Written by Andrew Bajorat, CHMM, Principal at BBJ Group
What are perfluoroalkyl substances (PFAS)?
In 2016, the USEPA issued a drinking water health advisory for perfluorooctanoic acid (PFOA) and perfluorooctane sulfonate (PFOS), which are part of a class of substances called perfluoroalkyl substances (PFAS). These compounds have recently received increased regulatory scrutiny, as well as media coverage.
PFOA and PFOS were commonly added to fabrics and packaging to improve stain resistance. In addition, PFOA and PFOS were components of foams used for fire suppression, particularly at civilian and military airfields.
These compounds have been recently identified in some drinking water sources, which has generated understandable public concern.
What are sources of PFAS in the environment?
Cleanups involving PFAS are generally centered around airfields (where they are a component found in fire suppression foams), landfills which may have accepted wastes containing PFAS, and facilities that may have used PFAS to provide stain resistance to textiles.
A paper published in Environmental Science and Technology (Hu, et al 2016)  presents known hydrological units where PFASs have been detected in the lower 48 states. These hydrological units appear widespread, but generally appear close to well-populated areas.
Why are PFAS dangerous?
PFAS are resistant to degradation and have been in widespread use for over 60 years. USEPA reports that peer-reviewed studies suggest that developmental effects may occur in fetuses or breastfed infants, and that cancer, liver effects, and decreased immunity may also occur at adverse concentrations.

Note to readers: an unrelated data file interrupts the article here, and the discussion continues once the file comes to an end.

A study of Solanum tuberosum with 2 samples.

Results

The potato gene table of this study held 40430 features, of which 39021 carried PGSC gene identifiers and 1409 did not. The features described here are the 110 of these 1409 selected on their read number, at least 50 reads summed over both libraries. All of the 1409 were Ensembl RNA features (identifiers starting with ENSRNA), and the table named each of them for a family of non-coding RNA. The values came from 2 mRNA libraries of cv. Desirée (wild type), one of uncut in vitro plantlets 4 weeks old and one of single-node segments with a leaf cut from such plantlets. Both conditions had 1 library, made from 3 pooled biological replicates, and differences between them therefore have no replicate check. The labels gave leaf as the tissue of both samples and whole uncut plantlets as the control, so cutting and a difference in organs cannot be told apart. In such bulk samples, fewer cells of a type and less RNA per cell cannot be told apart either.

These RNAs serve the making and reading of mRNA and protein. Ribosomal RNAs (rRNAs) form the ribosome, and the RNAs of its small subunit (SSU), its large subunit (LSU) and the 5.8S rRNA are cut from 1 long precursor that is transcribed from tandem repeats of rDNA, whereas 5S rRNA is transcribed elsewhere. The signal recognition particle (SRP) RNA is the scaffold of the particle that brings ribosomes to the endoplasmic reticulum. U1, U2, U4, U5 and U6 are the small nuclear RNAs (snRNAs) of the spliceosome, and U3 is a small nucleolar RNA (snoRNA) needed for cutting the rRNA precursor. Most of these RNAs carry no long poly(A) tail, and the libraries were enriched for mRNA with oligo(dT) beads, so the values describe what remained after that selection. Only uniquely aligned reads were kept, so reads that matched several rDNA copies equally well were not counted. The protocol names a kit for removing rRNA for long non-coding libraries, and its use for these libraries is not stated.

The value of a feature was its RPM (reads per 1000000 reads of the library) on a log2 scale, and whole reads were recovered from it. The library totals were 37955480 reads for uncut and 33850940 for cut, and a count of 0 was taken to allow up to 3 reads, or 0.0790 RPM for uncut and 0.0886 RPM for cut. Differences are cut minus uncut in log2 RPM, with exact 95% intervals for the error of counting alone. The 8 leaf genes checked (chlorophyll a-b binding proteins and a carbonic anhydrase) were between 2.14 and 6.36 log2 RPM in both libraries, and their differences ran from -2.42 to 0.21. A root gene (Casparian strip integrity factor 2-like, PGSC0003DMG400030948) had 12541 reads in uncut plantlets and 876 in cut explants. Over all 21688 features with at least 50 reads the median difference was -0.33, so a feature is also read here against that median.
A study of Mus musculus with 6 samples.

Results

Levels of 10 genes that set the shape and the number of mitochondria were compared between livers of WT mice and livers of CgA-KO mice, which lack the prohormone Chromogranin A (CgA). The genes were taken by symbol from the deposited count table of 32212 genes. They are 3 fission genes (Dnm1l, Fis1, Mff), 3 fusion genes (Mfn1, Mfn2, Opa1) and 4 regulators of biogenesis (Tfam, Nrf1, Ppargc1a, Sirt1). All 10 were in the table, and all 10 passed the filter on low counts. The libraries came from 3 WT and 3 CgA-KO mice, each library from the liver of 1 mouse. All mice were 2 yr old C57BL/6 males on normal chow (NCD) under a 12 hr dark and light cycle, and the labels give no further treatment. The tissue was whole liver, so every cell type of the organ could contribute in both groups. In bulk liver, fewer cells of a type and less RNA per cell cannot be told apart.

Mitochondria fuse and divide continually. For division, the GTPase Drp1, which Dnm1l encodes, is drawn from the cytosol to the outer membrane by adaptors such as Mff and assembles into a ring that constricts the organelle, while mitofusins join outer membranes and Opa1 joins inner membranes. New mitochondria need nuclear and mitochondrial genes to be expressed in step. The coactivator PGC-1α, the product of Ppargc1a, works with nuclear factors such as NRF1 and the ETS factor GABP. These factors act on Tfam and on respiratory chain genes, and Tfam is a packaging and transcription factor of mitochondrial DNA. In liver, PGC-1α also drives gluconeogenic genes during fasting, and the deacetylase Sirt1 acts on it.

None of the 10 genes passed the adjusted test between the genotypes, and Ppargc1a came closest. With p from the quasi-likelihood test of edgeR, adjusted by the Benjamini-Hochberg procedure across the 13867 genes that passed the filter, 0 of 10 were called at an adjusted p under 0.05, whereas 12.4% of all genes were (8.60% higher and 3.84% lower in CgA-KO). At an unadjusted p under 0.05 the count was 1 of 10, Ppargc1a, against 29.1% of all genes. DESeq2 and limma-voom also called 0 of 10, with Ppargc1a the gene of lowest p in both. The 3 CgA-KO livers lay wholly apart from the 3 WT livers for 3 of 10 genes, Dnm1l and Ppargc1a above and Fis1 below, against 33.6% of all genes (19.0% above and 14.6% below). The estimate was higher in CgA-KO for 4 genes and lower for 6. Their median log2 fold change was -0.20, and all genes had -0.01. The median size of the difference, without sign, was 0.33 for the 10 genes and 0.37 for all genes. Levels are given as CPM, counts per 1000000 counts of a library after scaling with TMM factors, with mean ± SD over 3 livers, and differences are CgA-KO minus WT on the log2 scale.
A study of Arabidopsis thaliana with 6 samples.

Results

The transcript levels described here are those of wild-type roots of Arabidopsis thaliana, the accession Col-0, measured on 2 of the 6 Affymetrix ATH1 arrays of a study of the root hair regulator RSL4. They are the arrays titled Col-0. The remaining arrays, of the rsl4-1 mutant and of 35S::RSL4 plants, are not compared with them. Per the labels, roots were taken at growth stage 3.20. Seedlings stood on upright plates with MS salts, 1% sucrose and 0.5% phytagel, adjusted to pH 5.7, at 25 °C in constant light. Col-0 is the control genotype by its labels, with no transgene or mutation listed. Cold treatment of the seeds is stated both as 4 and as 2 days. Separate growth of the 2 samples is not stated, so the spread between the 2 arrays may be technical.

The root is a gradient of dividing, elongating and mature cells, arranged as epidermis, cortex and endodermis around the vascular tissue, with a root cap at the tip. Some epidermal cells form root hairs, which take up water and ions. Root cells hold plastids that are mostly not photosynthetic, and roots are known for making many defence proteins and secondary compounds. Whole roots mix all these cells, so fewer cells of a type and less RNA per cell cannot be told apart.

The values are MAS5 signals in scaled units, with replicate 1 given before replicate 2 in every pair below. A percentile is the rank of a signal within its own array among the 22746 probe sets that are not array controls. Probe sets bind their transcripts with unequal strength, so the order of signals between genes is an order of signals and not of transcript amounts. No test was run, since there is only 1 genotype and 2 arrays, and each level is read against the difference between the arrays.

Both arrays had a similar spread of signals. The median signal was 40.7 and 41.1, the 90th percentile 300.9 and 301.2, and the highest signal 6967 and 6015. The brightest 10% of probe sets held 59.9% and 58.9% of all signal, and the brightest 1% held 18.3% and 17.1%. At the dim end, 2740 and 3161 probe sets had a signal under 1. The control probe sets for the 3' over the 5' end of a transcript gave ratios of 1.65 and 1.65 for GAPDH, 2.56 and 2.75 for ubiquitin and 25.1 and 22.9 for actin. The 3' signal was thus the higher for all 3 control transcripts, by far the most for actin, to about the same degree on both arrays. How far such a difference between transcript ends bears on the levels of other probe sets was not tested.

Consequently, USEPA issued a non-enforceable health advisory level of 70 parts per trillion (ppt) for the combined concentrations of PFOA and PFOS. But other jurisdictions have taken a stronger approach. For example:
- In May 2017, Minnesota Department of Health issued guidance values of 27 ppt for PFOS and 35 ppt for PFOA;
- In November 2017, California’s Office of Environmental Health Hazard Assessment (OEHHA) added PFOA and PFOS to the list of chemicals known to the state to cause reproductive toxicity, which triggers certain requirements under Proposition 65.
- In January 2018, the state of Michigan established enforceable cleanup criteria that mirror the 70 ppt USEPA health advisory level (which is unenforceable). The state of Michigan recently used these new enforceable criteria to sue an in-state tannery accused of impacting a local drinking water source.
Effects on Acquisitions
Even for companies who have not used PFAS historically, there are still things to be aware of, particularly during an acquisition:
- Pay particular attention to proximity to airfields that may have used PFASs or landfills that may have accepted PFAS-containing wastes.
- Given the recent, emergent awareness about PFASs, previous investigations may not have sampled for PFASs. Consequently, PFASs may represent a possible re-opener for “closed” sites with existing NFA letters.
- For water-intensive industries, investigate whether PFAS-related sources may be nearby.
- In a stock acquisition, evaluate whether the target company may have disposed of wastes at a landfill that may have also accepted PFAS wastes.